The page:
Fantasy finish finds silent exhilaration

Chris Hartley and Peter Forrest of the Heat celebrate after the Big Bash League match between the Adelaide Strikers and the Brisbane Heat.Ever wondered what it’s like to smash a boundary off the last ball to win a game of cricket?
Nanjing Night Net

It is one of those rare but not entirely elusive childhood dreams for a cricketer, a fantasy heightened for anyone who saw Michael Bevan’s last-ball heroics against the West Indies in Sydney in 1996.

So if you caught the Brisbane Heat v Adelaide Strikers Big Bash League cliff-hanger last week – a seesawing match with a last-ball victory for the Heat – you will know that I don’t have to wonder any more.

But for those who may never have the opportunity, I thought I might describe the thoughts and feelings of a batsman facing up to a do-or-die cricketing scenario.

Chasing 185 for victory, the Heat got off to a much-needed flying start thanks largely to some ferocious power-hitting from Luke Pomersbach.

Normally a total of 9-an-over would cast some gloom over the side batting second, but with the outrageously short boundaries and a pitch resembling Adelaide’s Princes Highway, the mood was tense but excited in the dugout.

Batting low in the order allows you to sit back and watch the show, and with Pomers belting balls out of the park, it was a great spectacle.

It also means you have some time to think about how you may be involved in the game and what role you will play.

I considered that I might have to go in for a couple of balls at the end and swing to the hills, and allowing enough time for the butterflies to come and go, I realised that may just happen with the game on the line.

But in true “professional sportsman” style, you can only control the present so I quickly forgot about what might happen and went back to watching our innings.

And besides, T20 can literally change in minutes, with a double-wicket maiden or a booming 20-run over flipping the game upside-down instantly.

So I went back to enjoying the ride as Pomers, then Joe Burns, then Ben Cutting and Chris Lynn took us closer to our target.

When trump Dan Christian was dismissed with our total on 150, we needed 36 to win with 29 balls remaining.

We only needed one big over – 15 or 16 off – to put ourselves in a comfortable position, but with no set batsman in and going, things were always going to go down to the wire.

When Cutting was out after 18 overs, Nathan Hauritz leaned over and offered “don’t worry Harts, you’ve been here before”, in reference to an ING Cup match in 2005.

On that occasion I’d managed two sixes in the final over to give the Queensland Bulls victory over Western Australia.

Some solace huh?

Sure, experience was on my side but my mind quickly told me, again in ultra-professional manner, that was in the past.

My time finally came when Lynn departed and with one over left, Peter Forrest and I had the task of scoring 15 runs off Adelaide’s Gary Putland.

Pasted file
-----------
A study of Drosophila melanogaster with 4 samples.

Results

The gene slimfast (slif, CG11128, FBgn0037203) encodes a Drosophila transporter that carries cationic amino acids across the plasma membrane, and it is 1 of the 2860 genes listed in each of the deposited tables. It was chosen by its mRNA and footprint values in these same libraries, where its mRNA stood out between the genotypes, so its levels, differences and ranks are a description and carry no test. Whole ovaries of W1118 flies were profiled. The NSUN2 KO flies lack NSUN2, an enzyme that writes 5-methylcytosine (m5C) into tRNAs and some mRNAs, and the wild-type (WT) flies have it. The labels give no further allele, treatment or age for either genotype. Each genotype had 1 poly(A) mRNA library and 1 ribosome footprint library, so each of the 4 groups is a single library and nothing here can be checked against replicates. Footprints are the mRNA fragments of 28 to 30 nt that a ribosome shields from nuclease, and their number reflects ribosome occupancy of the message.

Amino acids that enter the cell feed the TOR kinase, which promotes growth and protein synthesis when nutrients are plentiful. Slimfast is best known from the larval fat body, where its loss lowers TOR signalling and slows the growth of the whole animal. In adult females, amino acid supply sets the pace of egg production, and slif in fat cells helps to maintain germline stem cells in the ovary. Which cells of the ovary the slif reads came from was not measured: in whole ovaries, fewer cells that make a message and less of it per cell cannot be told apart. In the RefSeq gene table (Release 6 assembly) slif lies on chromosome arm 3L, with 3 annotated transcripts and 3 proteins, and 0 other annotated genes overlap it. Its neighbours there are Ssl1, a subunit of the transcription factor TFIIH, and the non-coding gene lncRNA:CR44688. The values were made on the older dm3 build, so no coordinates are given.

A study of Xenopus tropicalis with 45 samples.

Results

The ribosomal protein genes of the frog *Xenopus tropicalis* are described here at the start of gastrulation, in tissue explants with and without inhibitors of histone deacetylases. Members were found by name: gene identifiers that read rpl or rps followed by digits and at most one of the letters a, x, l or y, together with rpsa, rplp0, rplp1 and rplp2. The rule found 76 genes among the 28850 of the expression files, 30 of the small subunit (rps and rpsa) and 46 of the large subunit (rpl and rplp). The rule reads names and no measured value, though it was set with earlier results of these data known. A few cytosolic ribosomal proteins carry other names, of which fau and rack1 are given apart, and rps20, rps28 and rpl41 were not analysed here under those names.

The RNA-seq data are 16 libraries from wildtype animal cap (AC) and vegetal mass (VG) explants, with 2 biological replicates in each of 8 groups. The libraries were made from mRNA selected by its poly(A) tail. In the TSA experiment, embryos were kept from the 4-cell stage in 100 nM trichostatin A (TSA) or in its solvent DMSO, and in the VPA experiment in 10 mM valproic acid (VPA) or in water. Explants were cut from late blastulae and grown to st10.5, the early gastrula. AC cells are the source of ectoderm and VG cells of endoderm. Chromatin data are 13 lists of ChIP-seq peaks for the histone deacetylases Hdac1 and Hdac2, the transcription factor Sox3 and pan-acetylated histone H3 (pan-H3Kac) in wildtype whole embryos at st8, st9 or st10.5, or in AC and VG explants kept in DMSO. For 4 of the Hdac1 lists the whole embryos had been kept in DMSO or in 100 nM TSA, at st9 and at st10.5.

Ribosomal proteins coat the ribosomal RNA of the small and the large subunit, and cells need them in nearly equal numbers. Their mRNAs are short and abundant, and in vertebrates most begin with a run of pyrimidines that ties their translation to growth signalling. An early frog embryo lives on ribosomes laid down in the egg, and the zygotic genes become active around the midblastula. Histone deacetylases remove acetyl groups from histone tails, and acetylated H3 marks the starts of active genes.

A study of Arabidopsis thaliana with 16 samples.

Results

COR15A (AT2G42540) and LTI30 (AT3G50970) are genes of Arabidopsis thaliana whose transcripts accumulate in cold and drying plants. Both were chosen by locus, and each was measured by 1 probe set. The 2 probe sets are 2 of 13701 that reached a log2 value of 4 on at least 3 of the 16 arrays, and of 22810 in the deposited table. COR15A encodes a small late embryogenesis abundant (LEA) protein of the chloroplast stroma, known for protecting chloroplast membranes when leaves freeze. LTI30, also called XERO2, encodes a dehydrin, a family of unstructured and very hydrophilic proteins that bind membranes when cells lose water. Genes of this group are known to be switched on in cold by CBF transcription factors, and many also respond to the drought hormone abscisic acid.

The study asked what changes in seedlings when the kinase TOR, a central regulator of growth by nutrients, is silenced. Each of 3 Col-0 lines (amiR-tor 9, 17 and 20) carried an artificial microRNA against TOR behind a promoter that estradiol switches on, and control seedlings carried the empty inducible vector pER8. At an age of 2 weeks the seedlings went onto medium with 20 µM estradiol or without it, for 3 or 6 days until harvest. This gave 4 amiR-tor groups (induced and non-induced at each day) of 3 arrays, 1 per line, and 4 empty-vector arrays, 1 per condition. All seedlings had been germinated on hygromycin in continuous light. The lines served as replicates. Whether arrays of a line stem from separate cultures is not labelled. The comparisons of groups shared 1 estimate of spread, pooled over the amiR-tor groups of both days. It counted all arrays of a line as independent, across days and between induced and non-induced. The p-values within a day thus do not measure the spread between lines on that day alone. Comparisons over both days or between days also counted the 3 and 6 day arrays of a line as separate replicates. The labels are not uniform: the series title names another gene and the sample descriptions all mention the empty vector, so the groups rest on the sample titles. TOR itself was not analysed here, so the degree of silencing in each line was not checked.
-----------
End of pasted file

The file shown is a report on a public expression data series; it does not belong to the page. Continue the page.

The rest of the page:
As I approached the wicket, sucking in deep breaths for composure, a streaker flew by.

It was a light-hearted moment that for an instant took my attention away from the nerves, the noise of the crowd and the tension of the game.

The final over began and a couple of scrambled singles preceded a brilliant lofted cover drive from Foz that sailed deep into the stands.

That six gave us a chance, brought the equation down to 7 off 3, and put some serious pressure back on Putland.

Amid the action I had a small moment of clarity – Foz had whacked one, he is a big hitter, so if he hits the fourth ball down the ground, no matter how well, I’ll come back for the second, getting run out if need be, to ensure he stays on strike.

This would mean 6 off 2 and essentially give him two chances to win the game.

Even better was that Foz hit down the ground and I got back for the second easily, leaving 5 off 2.

I then had a moment of non-clarity – same scenario as above really but I didn’t think about what happens with a single.

Foz bottom-edged one to the keeper and I took off for the single to get on strike as if I’d thought, “you’re right Foz, I’ll take it from here!”

Camping on my bat at the non-striker’s end may have been a wise option.

So 4 off 1, crowd is going nuts, I’m on strike and Putland is steaming in.

My plan was based on knowing he would probably go full and try a yorker.

If he got too straight the 50-metre legside boundary was the go, a simple clip off the pads should reach it.

If he went wide, I had noticed they had brought mid-off up next to cover, meaning a solid whack in that region may beat them to the rope.

I repeated my mental mantra “still head, hit straight and hard, still head, hit straight and hard”.

Putland went the wide yorker but missed his length and bowled a full toss.

I made a solid connection up and over cover into the vacant outfield, and fleetingly thought that it would make the fence.

As Foz and I haired back and forth for three to make sure we at least tied the game, Callum Ferguson dived to stop the boundary.

As the third umpire checked the replays before confirming the ball had indeed touched the rope, a deathly quiet consumed the ground.

Apart from Foz going off and a couple of Strikers mumbling expletives, it was dead silent.

It was a crazily eerie feeling – pure exhilaration within a cauldron of silence – not what you imagined when you played out that fantasy as a kid!

Our celebration was more fervent in the dressing rooms but I did take a moment to reflect on what had just happened.

Imagine facing two balls but having such a significant bearing on the final result for all 22 players out there?

It was just another example of why cricket is indeed a funny game.

Chris Hartley is Queensland’s wicket keeper.

This story Administrator ready to work first appeared on Nanjing Night Net.